Q. Strings and string tensions... Are the any differences in injuries or performance that come from using different strings or having rackets strung at different tensions?
A. It is generally accepted that looser strings (lower tension) give you more power. How much more power? You wouldn't believe it - it's one percent, or so, for a 10 pound change in tension. Does that mean very much? Well, for identical strokes, that 1% of added ball velocity will cause the ball to land 8 inches further out, or 8 inches further from where it would have landed using tighter strings. What does change with looser strings is the dwell time; the time the ball spends on the strings increases. A lot of people feel that gives you better control. There is absolutely no data indicating that looser strings give you better control. And it is generally accepted, anecdotally, that tighter strings give you better control. Is there any data that suggests tighter strings give you better control? There is only one paper showing a plausible reason why tighter strings would give you better control.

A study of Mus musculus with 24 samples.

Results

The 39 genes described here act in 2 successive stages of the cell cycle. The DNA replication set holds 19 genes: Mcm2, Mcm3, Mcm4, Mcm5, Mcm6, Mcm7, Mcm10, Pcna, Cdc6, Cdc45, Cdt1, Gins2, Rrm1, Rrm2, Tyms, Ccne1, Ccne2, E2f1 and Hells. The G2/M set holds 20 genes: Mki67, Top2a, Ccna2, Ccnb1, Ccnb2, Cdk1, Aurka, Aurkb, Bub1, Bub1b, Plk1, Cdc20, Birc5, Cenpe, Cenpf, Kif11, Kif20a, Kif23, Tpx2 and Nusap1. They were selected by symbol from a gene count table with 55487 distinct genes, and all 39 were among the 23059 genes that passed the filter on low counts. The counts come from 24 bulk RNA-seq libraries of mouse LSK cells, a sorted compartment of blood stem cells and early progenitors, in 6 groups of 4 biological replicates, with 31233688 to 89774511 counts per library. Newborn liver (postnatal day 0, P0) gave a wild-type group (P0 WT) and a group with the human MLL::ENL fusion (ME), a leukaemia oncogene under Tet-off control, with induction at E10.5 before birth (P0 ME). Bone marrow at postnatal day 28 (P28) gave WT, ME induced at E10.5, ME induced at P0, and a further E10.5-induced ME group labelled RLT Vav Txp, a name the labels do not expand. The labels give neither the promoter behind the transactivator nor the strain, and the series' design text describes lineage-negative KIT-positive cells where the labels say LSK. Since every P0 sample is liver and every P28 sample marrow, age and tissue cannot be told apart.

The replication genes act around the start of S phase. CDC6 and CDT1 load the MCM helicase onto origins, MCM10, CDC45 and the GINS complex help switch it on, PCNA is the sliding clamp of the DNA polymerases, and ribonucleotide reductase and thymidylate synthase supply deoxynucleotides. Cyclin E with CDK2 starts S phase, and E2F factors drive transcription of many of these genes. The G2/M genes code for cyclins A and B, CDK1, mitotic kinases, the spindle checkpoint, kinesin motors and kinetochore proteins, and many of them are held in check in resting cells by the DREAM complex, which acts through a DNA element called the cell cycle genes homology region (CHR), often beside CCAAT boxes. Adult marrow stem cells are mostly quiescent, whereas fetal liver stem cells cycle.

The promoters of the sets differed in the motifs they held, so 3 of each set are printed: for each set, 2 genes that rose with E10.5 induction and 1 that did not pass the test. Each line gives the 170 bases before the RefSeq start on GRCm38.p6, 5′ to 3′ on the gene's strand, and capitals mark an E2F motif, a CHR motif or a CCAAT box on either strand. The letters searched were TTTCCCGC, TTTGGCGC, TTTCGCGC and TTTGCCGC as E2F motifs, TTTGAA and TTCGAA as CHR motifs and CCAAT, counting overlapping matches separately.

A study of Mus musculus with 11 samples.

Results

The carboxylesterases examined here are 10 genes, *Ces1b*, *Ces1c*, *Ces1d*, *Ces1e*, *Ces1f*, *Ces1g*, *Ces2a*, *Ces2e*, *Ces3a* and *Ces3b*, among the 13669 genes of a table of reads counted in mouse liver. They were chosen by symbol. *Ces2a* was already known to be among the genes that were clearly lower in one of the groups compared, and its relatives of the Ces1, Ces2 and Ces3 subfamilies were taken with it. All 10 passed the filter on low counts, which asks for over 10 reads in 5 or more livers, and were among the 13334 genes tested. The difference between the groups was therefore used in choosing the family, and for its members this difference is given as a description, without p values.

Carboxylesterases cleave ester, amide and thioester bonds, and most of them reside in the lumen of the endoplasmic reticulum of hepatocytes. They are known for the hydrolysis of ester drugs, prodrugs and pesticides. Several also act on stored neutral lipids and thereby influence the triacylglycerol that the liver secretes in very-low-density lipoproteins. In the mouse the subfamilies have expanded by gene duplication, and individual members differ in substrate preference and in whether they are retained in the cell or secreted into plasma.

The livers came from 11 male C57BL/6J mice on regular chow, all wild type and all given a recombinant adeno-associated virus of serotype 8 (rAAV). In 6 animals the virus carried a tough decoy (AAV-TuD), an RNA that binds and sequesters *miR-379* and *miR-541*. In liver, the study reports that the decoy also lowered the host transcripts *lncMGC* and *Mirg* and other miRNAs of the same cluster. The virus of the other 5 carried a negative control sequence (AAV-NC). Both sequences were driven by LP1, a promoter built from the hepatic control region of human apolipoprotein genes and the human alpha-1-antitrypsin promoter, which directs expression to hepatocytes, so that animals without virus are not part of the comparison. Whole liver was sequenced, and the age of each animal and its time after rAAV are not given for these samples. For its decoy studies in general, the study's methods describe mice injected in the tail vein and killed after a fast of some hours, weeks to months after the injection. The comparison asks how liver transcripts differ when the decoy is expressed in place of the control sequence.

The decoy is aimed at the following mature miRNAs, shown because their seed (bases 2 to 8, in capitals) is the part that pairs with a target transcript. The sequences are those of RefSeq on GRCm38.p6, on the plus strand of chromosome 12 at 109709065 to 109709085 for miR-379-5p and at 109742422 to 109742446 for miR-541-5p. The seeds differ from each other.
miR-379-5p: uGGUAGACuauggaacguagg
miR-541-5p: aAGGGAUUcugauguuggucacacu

As for injuries, when you hit a ball, there is a certain change in the ball's momentum. That change in momentum is caused by an impulse (the amount of force multiplied by the length of time over which the force is applied). If you go to looser strings the dwell time gets longer, and therefore for the same change in ball momentum, the peak force is reduced. If peak force is causing injury, going to looser strings will reduce the peak force. Does peak force cause injury? You probably think it would, but we have no good data on it.
Q. How does string tension impact play? Is it true that I can hit the ball with more power with a higher string tension?
A. Lower tension will give you about 1% more ball speed. This may not seem like much (a ball previously hit at 65 mph would be increased to 65.65 mph) but just that 1% will add about one (1) extra foot to the length of your groundstrokes. If a shot you used to hit landed 1/2 foot inside the baseline, adding 1% to the ball speed will result in the shot sailing long by about half a foot (if all else is held constant).
Q. Is luxilon a better string than gut? Does it have more playability? Is it more powerful?
A. The jury is still out on Luxilon. It seems to be more durable and it may provide just a little bit more spin on the ball.